Ludmilla Chiriaeff

From Wikipedia, the free encyclopedia
Jump to: navigation, search
Ludmilla Chiriaeff
Born (1924-01-10)January 10, 1924
Riga, Latvia
Died September 22, 1996(1996-09-22) (aged 72)
Montreal, Quebec
Dances Ballet

Ludmilla Chiriaeff, CC GOQ (January 10, 1924 – September 22, 1996) was a Canadian ballet dancer, choreographer, teacher, and company director.

Born in Riga, Latvia, to a Russian father and a Polish mother, Ludmilla Alexandrovna Otsup was raised and trained in Berlin, where she studied with Alexandra Nikolaeva, a former ballerina of the Bolshoi Ballet, with Nikolaeva's daughter and son-in-law Xenia and Édouard Borovanky, and with Evgenia Eduardova. Her career was interrupted by the conflict of World War II, during which she was confined to a Nazi labor camp on the unfounded suspicion of being Jewish. She escaped during a bombing raid and, with the assistance of the Red Cross, made her way to Switzerland, where she was able to resume her ballet training and revive her professional career in Lausanne and Geneva. While resident in the Suisse romande, she married Russian artist Alexis Shiriaev, whose surname was spelled Chiriaeff, in the French style.[1]

After immigrating with her family to Canada in 1952, Chiriaeff settled in Montreal, Quebec, opened a ballet school, and soon began to create dances for Société Radio-Canada, the French-language public television service. Because of the success of her television appearances, she founded Les Ballets Chiriaeff, a small troupe that grew in size and popularity and eventually evolved into Les Grands Ballets Canadiens, in 1957.[2] Under her guidance, shared jointly with choreographer Fernand Nault, this company achieved international prominence in 1966–7, during Canada's Expo 67 World Festival and subsequent tours of the United States and western Europe. Chiriaeff retired as co-artistic director of the company in 1974 and devoted herself to leadership of the company's associated schools.[3]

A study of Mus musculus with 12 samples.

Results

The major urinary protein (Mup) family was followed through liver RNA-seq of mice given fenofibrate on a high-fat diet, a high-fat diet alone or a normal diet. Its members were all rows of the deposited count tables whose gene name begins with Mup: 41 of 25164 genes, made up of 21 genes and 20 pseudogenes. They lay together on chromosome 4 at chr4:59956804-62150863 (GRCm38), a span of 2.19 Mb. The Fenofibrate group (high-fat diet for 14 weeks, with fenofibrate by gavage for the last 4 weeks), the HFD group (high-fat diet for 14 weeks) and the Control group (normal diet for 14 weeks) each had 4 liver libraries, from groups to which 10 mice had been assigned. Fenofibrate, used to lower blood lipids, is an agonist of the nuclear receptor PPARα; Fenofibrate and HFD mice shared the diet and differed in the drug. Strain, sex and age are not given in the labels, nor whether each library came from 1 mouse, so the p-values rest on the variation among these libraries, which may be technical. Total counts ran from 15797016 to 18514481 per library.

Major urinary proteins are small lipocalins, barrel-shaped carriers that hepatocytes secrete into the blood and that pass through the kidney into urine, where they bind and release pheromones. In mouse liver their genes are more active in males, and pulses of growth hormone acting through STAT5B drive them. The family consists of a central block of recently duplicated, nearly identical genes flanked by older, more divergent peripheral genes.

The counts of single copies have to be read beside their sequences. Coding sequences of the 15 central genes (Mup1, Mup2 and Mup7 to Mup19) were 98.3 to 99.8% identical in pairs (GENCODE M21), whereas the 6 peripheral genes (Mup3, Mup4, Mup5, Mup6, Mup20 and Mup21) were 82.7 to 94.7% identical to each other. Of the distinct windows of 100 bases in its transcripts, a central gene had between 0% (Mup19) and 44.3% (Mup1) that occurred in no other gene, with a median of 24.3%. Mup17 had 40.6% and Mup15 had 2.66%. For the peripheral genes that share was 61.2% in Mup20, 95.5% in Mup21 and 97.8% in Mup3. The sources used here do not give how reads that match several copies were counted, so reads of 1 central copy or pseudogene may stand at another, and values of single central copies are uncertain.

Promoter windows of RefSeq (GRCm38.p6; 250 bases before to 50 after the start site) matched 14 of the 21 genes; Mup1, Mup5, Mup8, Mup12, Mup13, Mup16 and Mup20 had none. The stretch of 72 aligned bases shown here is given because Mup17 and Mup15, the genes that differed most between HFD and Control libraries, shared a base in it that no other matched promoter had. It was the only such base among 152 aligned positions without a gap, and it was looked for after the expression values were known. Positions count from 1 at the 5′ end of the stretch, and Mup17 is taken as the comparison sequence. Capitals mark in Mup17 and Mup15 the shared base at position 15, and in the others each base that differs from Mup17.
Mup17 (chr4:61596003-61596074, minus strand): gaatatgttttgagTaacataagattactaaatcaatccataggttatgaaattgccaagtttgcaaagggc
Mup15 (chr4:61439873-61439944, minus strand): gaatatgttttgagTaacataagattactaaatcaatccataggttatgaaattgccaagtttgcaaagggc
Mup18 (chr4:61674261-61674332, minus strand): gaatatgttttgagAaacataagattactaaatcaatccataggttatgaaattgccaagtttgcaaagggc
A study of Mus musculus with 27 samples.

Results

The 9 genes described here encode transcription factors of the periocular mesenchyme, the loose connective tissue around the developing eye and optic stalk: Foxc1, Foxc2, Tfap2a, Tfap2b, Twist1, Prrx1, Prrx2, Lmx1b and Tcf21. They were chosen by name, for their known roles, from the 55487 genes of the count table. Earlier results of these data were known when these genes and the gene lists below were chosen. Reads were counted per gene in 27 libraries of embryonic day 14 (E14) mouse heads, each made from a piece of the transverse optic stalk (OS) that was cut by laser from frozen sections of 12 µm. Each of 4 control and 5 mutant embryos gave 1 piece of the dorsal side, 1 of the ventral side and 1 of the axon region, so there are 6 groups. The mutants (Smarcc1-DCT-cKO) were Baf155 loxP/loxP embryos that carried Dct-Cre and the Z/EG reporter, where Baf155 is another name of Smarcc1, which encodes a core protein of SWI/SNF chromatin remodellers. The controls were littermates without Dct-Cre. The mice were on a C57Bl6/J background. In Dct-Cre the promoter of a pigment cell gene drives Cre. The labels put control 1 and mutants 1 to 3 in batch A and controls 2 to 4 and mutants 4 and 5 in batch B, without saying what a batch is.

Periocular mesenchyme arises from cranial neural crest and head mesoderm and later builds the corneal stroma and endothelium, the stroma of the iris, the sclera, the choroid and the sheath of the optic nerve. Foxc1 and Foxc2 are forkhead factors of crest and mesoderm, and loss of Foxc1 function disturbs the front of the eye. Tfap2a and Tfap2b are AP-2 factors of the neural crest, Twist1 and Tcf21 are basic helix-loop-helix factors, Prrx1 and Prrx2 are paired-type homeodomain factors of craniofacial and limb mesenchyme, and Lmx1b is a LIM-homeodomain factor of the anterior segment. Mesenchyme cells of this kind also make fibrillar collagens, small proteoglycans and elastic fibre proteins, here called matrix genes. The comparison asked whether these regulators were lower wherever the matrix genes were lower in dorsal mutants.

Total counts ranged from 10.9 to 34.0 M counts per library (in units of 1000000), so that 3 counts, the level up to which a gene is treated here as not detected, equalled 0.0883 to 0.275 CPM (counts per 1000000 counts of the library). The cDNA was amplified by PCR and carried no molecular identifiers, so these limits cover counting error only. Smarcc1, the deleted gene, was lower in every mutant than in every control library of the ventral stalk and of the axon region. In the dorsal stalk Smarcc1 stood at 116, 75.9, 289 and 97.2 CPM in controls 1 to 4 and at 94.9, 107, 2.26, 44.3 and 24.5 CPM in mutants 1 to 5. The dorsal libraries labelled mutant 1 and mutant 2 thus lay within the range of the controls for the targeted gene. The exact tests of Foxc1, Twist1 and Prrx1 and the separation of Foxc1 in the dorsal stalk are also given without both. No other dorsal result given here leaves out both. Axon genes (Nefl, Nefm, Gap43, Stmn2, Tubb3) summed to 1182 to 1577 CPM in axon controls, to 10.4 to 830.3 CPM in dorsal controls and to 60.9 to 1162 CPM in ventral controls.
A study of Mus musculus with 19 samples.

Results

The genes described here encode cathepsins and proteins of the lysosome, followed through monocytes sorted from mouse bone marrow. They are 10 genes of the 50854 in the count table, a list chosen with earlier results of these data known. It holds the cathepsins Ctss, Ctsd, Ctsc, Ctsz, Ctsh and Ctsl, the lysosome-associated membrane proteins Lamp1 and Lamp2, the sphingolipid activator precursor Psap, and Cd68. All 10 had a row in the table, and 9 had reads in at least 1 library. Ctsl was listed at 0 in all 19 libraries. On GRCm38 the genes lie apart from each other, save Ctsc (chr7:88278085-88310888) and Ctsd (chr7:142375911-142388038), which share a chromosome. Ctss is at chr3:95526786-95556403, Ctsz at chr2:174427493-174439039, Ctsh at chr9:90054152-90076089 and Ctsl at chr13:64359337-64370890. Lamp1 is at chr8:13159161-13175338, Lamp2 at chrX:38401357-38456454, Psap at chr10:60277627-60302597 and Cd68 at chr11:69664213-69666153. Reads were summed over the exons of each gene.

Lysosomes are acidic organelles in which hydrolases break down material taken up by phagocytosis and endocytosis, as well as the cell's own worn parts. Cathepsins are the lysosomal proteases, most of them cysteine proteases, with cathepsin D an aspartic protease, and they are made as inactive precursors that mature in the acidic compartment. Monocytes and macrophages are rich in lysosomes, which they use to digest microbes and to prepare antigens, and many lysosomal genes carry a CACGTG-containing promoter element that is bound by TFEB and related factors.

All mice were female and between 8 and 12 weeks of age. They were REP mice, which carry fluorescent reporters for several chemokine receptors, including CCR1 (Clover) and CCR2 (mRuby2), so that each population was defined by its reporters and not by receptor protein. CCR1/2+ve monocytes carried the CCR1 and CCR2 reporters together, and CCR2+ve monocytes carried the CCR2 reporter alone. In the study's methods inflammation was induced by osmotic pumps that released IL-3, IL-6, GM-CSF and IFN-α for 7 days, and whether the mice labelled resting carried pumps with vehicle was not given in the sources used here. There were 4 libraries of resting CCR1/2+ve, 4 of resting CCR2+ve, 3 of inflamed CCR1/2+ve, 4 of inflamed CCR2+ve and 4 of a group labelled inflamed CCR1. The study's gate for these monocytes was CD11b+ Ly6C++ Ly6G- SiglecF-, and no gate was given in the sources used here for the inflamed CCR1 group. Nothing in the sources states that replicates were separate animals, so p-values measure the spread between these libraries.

In 1969 Chiriaeff was made an Officer of the Order of Canada and was promoted to Companion in 1984. In 1978 she was proclaimed a Grande Montréalaise by the City of Montreal, and in 1985 she was made a Grand Officier de l' Ordre National du Québec. In 1993, she received Canada's highest honour in the performing arts, the Governor General's Performing Arts Award,[4] the Denise Pelletier Award for the Performing Arts, and honorary doctorates from McGill University, the Université de Montréal, and the Université du Québec.[5]


  1. ^ Claude Conyers, "Chiriaeff, Ludmilla," International Encyclopedia of Dance (New York: Oxford University Press, 1998), vol. 2, p. 150.
  2. ^ Max Wyman, Dance Canada: An Illustrated History (Vancouver: Douglas & McIntyre, 1989).
  3. ^ Conyers, "Chiriaeff, Ludmilla" (1998), vol. 2, pp. 150–2.
  4. ^ "Ludmilla Chiriaeff - biography". Governor General's Performing Arts Awards Foundation. Retrieved 27 January 2014. 
  5. ^ Jack Anderson, "Ludmilla Chiriaeff, 72, Founder of Ballet Company in Montreal," obituary, New York Times, 25 September 1996.

External links[edit]

"Ludmilla Chiriaeff: Ballet Celebrity". Public Works and Government Services Canada. Archived from the original on February 4, 2005. Retrieved March 13, 2005.